Researchers announced this week the early trial results of a new vaccine to fight cocaine addiction a compound that, by vaccine standards, was only mildly effective but served as an important proof of concept that vaccination against addiction could work.
"Vaccines are one of our top priorities," says Dr. Nora Volkow, director of the National Institute on Drug Abuse (NIDA), which helped fund the study and will finance a larger study of the cocaine vaccine next year. In September, NIDA also granted $10 million for a clinical trial to the makers of NicVAX, a nicotine vaccine that works similarly to the cocaine vaccine by stimulating the immune system to create antibodies that bind to drug molecules and prevent them from entering the brain. (Because people don't generally make natural antibodies to cocaine, the cocaine vaccine combines a cocaine molecule with an inactive cholera toxin; incidentally, the vaccine protects against cholera as well).
In the new study, published in the October issue of the Archives of General Psychiatry, researchers recruited 115 cocaine-dependent people who were also addicted to heroin and enrolled in a methadone-treatment program, which made it easier for investigators to keep people in the study for a full 12 weeks. Half of the participants were given five injections of the vaccine over the course of the study, while the other half received a placebo.
The vaccine produced a strong antibody response in 38% of the 55 people who received all five doses. When antibody levels were highest during weeks 9 through 16 of the trial these participants used significantly less cocaine (as measured by urine samples taken three times a week) than either the placebo group or those who did not produce sufficient antibodies. Overall, cocaine use was reduced by at least half in 53% of the people who produced a strong antibody response, compared with 23% of those who had a weaker antibody response. That's far from abstinence, although reduction in drug use still has benefits, Volkow notes like reducing people's risk of overdose and heart attack, for example.
About 25% of the study participants did not produce cocaine antibodies when vaccinated. In about half of these cases, researchers think smoking crack was the problem. Crack causes intensely hot cocaine molecules to attach to lung cells. The body begins to produce antibodies against this damaged tissue, but ultimately, rather than deciding that it is alien, the body views the cell clusters as "self" and doesn't fight them. (Similarly, allergists scratch the skin and expose it to allergens like grass seed to produce this kind of desensitization.) "They're a body constituent as far as [the immune system] is concerned," says Dr. Tom Kosten, professor of psychiatry at Baylor College of Medicine and the lead author of the study.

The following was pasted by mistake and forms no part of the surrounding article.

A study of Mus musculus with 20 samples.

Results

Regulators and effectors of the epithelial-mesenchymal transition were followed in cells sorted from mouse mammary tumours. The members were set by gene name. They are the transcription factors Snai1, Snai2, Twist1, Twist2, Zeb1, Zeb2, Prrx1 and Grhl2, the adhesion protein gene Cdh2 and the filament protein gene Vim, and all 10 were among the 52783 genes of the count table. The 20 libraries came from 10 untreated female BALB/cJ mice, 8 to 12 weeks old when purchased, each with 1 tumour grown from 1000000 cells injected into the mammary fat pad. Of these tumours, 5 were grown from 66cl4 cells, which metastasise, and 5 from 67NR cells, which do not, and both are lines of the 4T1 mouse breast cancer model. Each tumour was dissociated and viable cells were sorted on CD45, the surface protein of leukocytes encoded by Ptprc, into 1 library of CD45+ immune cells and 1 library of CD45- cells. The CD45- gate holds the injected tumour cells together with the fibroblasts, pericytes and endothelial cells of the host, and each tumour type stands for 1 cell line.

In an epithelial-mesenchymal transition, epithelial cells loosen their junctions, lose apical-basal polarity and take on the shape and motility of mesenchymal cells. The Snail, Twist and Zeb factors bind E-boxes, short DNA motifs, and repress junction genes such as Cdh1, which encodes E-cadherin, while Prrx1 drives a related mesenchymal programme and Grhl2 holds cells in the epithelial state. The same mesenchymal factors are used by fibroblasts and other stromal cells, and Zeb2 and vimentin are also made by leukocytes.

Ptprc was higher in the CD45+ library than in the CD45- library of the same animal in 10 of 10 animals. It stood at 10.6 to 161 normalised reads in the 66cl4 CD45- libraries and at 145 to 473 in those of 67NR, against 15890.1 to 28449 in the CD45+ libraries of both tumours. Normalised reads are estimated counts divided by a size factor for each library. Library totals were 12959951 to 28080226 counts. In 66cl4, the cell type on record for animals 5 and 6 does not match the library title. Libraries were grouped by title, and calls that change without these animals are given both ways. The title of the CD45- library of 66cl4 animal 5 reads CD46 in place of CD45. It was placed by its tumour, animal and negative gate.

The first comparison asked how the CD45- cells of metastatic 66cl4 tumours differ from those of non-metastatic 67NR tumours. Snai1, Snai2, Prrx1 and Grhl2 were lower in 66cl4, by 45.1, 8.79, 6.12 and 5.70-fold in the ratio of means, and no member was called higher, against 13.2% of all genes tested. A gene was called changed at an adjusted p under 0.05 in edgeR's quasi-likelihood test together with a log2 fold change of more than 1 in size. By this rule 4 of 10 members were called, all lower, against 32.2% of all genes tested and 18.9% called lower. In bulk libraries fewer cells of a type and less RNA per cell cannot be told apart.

Another issue is that the vaccine would require booster shots to maintain a consistent level of antibodies, so Volkow suggests that a successful vaccine would in theory be most useful for relapse prevention, rather than to initiate abstinence. "If you give it to someone who has gone through rehab and is trying to stay clean and relapses, the vaccine will be able to interfere with that relapse and that will be incredibly important," she says. When former drug abusers attempt to use "just once," it often leads rapidly back to full addiction, a cycle that could perhaps be curbed if the drug's high were blunted by a vaccine.
But the vaccine is far from ready for public consumption, and researchers think that even if future trials confirm its utility, it may never reach the market. That's due in part to legal hurdles drugmakers fear that patients who take an addiction drug, then later overdose or develop another ailment, like cancer, may lay blame on the vaccine. Addiction experts also caution that no drug-based addiction treatment is a panacea, and that behavior-based quit programs must play a role. "It's good that they're doing this research, but we need to temper our enthusiasm," says Carl Hart, associate professor of psychology at Columbia University, who studies cocaine and other drugs. He notes that a vaccine cannot fight craving itself. "It might be helpful for select people," he says, "but we need to go into this with our eyes open."